Bill to protect children from child care provider abuse passes Senate committee

03/01/2017 02:41 PM

FRANKFORT – Legislation to potentially protect kids from abusive child care providers was unanimously passed by the Senate Committee on Health and Welfare on Wednesday.

Senate Bill 236, sponsored by Sen. Julie Raque Adams, R-Louisville, would permit a parent or legal guardian to request a background check of the child abuse and neglect registry records when employing a child care provider for his or her minor child. The bill would also require the Cabinet of Health and Family Services to make the request form available on its website.

If a child care provider was found to have no abuse or neglect within the registry the Cabinet for Health and Family Services would send a letter stating they’ve found no findings of substantiated abuse or neglect.

The cabinet would then notify the individual on whom the background check was completed of the results.

If the results did find evidence of child abuse or neglect in the registry, the cabinet would send the individual the results of the search.

In addition, the legislation would require school superintendents conduct a background check of child abuse and neglect records maintained by the Cabinet for Health and Family Services when considering employment decisions, prohibit youth camps from employing or allowing the involvement of any individual who has been convicted of a criminal offense against a minor or a sex crime who is a violent offender or has abused or neglected a child, and require youth camps to obtain state and national criminal background checks of applicants, contractors, or volunteers.

Dr. Brooke Jones, a pediatrician with Kosair Children’s in Louisville, feels that the bill is needed to add a further layer of protection to children under child care provider care.

“Many settings who care for children already have some sort of background requirements but these requirements vary through the settings, so strengthening background checks will help protect our kids and our systems,” Jones said.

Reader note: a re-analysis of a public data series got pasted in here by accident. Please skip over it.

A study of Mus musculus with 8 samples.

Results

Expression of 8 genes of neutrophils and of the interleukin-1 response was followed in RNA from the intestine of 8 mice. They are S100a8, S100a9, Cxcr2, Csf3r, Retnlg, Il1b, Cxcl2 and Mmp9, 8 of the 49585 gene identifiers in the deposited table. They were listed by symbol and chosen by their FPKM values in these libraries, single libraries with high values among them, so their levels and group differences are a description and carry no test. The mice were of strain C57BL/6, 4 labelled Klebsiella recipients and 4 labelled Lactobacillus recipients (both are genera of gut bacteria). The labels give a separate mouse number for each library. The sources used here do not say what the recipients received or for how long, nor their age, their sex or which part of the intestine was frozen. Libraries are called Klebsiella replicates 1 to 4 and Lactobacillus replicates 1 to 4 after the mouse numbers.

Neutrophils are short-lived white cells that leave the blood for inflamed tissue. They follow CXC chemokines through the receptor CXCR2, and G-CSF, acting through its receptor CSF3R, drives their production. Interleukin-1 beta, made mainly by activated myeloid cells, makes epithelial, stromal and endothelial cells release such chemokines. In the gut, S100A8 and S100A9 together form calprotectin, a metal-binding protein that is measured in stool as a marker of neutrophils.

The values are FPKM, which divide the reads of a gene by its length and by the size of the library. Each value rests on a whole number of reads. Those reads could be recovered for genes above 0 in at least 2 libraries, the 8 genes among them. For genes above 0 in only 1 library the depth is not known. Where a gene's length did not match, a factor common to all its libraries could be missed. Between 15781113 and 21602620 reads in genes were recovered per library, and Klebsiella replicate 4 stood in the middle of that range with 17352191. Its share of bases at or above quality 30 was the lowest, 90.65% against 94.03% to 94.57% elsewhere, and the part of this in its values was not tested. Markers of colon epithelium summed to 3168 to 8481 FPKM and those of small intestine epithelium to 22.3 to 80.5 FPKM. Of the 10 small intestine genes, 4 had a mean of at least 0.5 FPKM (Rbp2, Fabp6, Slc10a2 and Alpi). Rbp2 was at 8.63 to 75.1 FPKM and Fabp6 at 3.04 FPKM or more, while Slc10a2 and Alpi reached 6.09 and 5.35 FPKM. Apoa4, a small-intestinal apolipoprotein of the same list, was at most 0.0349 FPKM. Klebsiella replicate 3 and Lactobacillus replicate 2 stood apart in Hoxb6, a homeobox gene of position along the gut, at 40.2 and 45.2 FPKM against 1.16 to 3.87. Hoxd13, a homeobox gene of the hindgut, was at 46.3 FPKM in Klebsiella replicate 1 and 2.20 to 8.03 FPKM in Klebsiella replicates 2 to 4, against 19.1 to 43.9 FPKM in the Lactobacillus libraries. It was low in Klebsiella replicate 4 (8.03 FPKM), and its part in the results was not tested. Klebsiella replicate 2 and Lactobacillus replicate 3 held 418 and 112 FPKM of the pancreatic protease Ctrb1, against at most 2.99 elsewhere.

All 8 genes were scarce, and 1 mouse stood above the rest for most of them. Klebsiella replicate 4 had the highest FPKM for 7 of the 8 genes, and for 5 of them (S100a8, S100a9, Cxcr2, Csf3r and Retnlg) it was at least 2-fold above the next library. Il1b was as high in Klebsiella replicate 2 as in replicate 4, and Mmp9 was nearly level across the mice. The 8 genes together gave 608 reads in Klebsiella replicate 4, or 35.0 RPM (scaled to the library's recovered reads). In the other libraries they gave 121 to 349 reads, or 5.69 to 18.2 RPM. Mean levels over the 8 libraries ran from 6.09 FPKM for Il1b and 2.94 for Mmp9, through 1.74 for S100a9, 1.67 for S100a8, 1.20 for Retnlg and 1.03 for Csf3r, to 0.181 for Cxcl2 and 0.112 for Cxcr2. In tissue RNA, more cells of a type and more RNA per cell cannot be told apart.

The committee heard riveting testimony from Lori Brent of Henry County whose 4-month old son Jake suffered physical abuse from his babysitter.

“I sat there in that hospital trying to understand how this could have happened,” Brent said. “I knew in my heart who did this, but tried so hard not to believe it.”

Sen. Reggie Thomas, D-Lexington, expressed concerns with Cabinet for Health and Family Services Deputy Director Tim Feeley that the bill, as currently written, does not call for background checks of boyfriends of women who are living with the woman and her children.

“This bill is only limited to someone who is employed, a child care provider, or a camp counselor who is volunteering to counsel young children at a camp,” Thomas said. “I don’t see this bill as reaching far enough.

“It may not be applicable to the situation that you spoke of,” Feely said. “Maybe that’s something that we need to look at down the road and maybe have a floor amendment on that because we do the fatality or near fatality committee and often a scenario that comes up is a child would be harmed by a boyfriend or caretaker who’s not the biological father of the child.”

Dr. Terry Brooks, the executive director of Kentucky Youth Advocates, applauded members of the committee for passing the bill.

“Kentucky kids deserve to grow and thrive free from abuse and neglect, and they depend on adults to keep them safe,” Brooks said in a statement. “SB 236 would increase the safety of children in the care of adults by ensuring employers have access to the necessary information about employees and volunteers so they are able to make an informed decision on allowing that person to work with children.”

The bill moves on to the full Senate for consideration.